Today (Thursday 12 October 2017), a suite of publications will be launched relating to the end of life care delivered to Scotland’s older people.
They include a new report, which shows that:
- 66% of independent sector social care services have increased the amount of palliative and end of life care they deliver over the past year
- 81% of people supported by the independent sector have multiple morbidities
- 85% of care staff are involved in the delivery of palliative and end of life care
However the report also highlights that over a quarter of organisations believe they aren’t able to offer the level of care and support they would like to at the end of someone’s life, and over half believe current staff training is insufficient to equip them to deliver this care. This, social care providers believe, is due to a lack of value placed on independent care services and care workers, as well as insufficient funding and not enough opportunities to work with other agencies in delivering this support.
The report will be launched at an event on palliative and end of life care, entitled ‘Supporting Solace’ which will see over 100 individuals from across the care sector, including front line workers, come together to discuss the positives as well as the challenges of delivering this support.
The event is being hosted by Scottish Care, the representative body for independent sector care services. CEO Dr Donald Macaskill said:
“Bringing comfort is the essence of all good care but is especially the case when someone is receiving palliative care and at the end of their life. A significant majority of those supported to die at home or in a care home are supported by staff from the independent care sector.
“The Supporting Solace conference is about celebrating and highlighting the amazing work which happens around the country. The report which Scottish Care launches today speaks of the very real and immediate challenges faced by front line social care workers and the organisations that employ them. The strategic aims of the Scottish Government’s Palliative Care Framework have little chance of success unless all partners recognise the critical contribution of homecare and care home services and staff. To do so we have to prioritise and adequately resource and train those who are the comfort and solace givers to vulnerable Scots at the point of their death. Dying well costs on so many levels and we need to ensure that those who care are supported and adequately trained. At the moment we are failing workers and therefore failing those they care for.”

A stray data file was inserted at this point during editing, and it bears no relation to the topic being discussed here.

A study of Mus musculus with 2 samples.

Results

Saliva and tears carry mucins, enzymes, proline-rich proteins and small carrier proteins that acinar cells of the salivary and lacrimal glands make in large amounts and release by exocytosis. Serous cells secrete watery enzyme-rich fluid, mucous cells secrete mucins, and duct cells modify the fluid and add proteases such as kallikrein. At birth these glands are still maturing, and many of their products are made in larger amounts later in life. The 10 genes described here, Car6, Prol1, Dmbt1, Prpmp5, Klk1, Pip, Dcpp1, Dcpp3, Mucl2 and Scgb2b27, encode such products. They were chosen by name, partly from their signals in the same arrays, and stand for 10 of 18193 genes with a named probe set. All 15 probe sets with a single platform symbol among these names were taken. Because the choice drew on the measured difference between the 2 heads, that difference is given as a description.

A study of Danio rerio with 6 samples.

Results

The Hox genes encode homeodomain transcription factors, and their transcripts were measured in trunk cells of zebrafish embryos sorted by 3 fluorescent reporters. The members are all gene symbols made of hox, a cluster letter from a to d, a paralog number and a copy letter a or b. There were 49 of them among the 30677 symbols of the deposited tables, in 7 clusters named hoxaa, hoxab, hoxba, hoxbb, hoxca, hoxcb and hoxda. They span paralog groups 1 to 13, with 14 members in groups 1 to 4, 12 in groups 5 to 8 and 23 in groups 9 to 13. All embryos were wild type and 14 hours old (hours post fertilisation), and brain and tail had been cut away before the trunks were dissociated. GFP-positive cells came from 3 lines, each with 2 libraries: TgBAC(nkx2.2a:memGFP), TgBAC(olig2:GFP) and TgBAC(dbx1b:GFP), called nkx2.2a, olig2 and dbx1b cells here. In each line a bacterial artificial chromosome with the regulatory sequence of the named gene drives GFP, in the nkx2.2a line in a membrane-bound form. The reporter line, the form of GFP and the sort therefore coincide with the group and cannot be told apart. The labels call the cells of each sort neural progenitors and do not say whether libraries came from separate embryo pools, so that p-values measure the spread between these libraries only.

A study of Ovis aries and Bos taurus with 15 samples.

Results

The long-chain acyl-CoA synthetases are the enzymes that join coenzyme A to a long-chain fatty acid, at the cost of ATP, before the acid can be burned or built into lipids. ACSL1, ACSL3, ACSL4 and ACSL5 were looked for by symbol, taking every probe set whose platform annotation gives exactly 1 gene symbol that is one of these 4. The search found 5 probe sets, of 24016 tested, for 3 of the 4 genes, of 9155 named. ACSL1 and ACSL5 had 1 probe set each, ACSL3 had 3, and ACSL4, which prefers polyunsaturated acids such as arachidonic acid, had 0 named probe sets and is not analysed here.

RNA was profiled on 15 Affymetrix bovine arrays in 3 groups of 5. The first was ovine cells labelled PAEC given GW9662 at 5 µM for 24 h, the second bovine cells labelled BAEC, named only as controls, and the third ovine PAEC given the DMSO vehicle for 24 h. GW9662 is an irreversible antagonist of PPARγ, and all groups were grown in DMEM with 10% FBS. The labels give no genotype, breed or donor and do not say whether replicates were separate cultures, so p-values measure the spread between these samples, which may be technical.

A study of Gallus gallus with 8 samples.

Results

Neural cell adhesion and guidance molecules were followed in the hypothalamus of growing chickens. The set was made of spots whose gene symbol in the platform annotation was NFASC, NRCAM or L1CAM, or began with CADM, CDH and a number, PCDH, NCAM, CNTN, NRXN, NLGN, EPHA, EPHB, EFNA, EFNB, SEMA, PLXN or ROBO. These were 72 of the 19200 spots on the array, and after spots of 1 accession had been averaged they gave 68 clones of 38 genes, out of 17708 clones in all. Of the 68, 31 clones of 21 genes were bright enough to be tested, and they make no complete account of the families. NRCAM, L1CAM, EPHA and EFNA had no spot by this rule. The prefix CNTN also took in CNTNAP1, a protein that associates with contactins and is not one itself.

The event will also see the launch of a resource aimed at providing comfort to care workers and families who are dealing with the loss of an older person. Dr Macaskill explained:
“I am also delighted to welcome the publication today of 'This Speaks To Me' - this is a booklet which is full of deeply moving readings and poems which tell the story of the dedicated care and support given by frontline care staff and nurses in care homes and in people’s own homes up and down the country. If you ever doubt the intensity of commitment that care staff offer then simply read this. It is beautiful, appealing and inspiring."